Re: Homomorphism of posets and lattices
Posted:
Sep 18, 2013 3:39 AM


On Wed, 18 Sep 2013, quasi wrote: > William Elliot wrote: > > >What's your opinion about the following except from a manuscript? > > You should credit your source. > Manuscript by who?
Victor.
> Published when and where ?
Preprint; on his web site.
> >I consider the Definition 2.92 to be in error unless the domain > >of the function is a linear order. For example, the identity > >function from a two point antichain { a,b } to the chain a < b. > > > >Comments? Are not antichains preserved by order isomorphisms? > > Yes, of course. > > As your counterexample clearly shows, the author's definition > 2.92 is flawed. > > >2,1,12 Homomorphism of posets and lattices > > > >Definition 2.90. A monotone function (also called order > >homomorphism) from a poset A to a poset B is such a function f > >that x <= y > f(x) <= f(y). > > > >Definition 2.91. Order embedding is an injective monotone > >function. > > > >Definition 2.92. Order isomorphism is an surjective order > >embedding (= bijective monotone function). > > As noted, the above definition is flawed, but the fix is easy. > > Definition 2.92 (possible revision): > > An order isomorphism is a bijective function such that both it > and its inverse are monotone functions.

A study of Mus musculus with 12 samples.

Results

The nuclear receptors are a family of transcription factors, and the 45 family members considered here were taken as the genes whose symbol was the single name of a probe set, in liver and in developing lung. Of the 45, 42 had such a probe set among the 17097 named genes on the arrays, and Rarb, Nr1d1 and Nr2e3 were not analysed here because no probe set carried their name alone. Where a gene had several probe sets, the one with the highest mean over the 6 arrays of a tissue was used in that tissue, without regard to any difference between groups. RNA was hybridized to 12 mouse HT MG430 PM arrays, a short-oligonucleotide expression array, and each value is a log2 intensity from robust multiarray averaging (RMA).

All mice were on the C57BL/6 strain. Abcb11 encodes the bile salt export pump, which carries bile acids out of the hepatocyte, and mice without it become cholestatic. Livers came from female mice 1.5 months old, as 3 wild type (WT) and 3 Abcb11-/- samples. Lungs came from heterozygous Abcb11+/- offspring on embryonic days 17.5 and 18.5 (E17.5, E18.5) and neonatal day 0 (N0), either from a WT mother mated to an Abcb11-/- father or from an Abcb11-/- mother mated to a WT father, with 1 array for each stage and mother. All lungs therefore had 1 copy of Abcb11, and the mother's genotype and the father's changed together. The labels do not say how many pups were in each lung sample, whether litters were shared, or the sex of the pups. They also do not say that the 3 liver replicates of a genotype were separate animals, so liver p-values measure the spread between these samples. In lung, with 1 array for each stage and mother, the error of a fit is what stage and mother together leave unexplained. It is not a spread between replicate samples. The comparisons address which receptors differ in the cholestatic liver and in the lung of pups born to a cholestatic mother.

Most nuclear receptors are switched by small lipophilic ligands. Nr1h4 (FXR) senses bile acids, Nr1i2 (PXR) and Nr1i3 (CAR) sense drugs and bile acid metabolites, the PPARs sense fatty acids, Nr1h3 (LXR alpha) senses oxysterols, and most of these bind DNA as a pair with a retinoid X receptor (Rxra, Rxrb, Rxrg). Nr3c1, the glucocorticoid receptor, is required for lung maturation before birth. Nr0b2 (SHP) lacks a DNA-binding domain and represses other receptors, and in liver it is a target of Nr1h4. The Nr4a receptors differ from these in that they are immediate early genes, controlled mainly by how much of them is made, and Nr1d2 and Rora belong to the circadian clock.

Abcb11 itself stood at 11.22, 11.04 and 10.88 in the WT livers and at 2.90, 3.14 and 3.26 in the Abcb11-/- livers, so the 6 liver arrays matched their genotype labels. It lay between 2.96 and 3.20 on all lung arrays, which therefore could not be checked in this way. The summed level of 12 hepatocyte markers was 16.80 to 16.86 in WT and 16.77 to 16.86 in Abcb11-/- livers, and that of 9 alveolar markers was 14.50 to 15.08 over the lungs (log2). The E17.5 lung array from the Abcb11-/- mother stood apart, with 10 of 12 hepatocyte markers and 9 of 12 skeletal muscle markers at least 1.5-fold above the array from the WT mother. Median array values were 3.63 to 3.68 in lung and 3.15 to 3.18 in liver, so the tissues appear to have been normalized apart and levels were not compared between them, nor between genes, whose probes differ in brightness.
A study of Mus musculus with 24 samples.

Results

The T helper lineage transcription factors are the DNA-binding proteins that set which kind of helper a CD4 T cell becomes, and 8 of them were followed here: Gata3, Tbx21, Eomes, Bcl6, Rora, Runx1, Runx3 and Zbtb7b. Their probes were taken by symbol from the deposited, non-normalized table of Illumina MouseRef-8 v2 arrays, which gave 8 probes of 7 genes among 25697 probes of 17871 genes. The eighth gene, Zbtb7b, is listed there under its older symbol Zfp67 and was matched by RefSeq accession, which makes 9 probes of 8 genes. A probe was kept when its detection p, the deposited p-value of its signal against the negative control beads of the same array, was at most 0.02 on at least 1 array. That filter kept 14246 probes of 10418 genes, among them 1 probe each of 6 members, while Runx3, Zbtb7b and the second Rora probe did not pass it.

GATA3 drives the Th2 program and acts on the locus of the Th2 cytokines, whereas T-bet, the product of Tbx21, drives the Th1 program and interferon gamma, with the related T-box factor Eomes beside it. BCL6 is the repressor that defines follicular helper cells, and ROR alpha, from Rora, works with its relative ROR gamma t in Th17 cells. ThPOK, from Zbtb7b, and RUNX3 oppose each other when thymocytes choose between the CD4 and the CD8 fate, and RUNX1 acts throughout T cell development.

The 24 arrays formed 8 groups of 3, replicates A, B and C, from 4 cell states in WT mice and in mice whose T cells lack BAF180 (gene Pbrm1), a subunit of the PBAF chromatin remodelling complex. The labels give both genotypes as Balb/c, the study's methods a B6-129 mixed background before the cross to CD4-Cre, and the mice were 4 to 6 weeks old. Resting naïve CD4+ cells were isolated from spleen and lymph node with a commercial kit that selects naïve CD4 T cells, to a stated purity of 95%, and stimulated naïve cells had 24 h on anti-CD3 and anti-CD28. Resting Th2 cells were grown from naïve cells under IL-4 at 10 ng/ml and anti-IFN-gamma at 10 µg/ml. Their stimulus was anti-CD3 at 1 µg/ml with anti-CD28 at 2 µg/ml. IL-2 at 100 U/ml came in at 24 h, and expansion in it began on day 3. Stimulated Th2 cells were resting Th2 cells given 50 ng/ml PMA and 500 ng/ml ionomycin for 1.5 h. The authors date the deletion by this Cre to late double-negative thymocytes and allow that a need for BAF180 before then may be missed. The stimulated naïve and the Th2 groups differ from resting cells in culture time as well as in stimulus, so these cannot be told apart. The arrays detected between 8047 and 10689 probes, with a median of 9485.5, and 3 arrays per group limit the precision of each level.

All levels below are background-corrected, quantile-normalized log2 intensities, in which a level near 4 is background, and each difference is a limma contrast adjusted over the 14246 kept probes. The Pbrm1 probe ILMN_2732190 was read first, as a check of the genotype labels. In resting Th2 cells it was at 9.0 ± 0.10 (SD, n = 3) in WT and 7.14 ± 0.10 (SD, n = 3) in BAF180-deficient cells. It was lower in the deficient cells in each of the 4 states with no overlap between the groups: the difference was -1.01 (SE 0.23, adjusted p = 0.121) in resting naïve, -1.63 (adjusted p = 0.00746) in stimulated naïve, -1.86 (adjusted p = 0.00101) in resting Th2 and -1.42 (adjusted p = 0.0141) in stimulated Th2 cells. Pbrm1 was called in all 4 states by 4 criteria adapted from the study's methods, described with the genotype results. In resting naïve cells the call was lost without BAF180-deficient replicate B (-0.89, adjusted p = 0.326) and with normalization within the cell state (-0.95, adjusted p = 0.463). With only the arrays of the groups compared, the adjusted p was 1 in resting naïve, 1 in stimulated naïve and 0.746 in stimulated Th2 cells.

Assume f and f^1 are monotone and f(x) = f(y) Then f(x) <= f(y) and f(y) <= f(x). Whence, x = f^1f(x) <= f^1f(y) = y and similarily, y <= x, so x = y.
Your definition is equivalent to a bimonotone surjection. How would you revise order embedding? A bimonotone map?
My suggestions for the definitions, are in my recent thread "Order Embedding".
> >Order isomorphism preserves properties of posets, such as > >order, joins and meets, etc. > > With the above suggested revision of definition 2.92, those > properties _are_ preserved.
Even without knowing what a straight map may be, what's your opinion of this excerpt?
Proposition 3.4. Let f be a monotone map from a meetsemilattice K to some poset L. If Aa,b in K: f(a meet b) = f(a) meet f(b) then f is a straight map.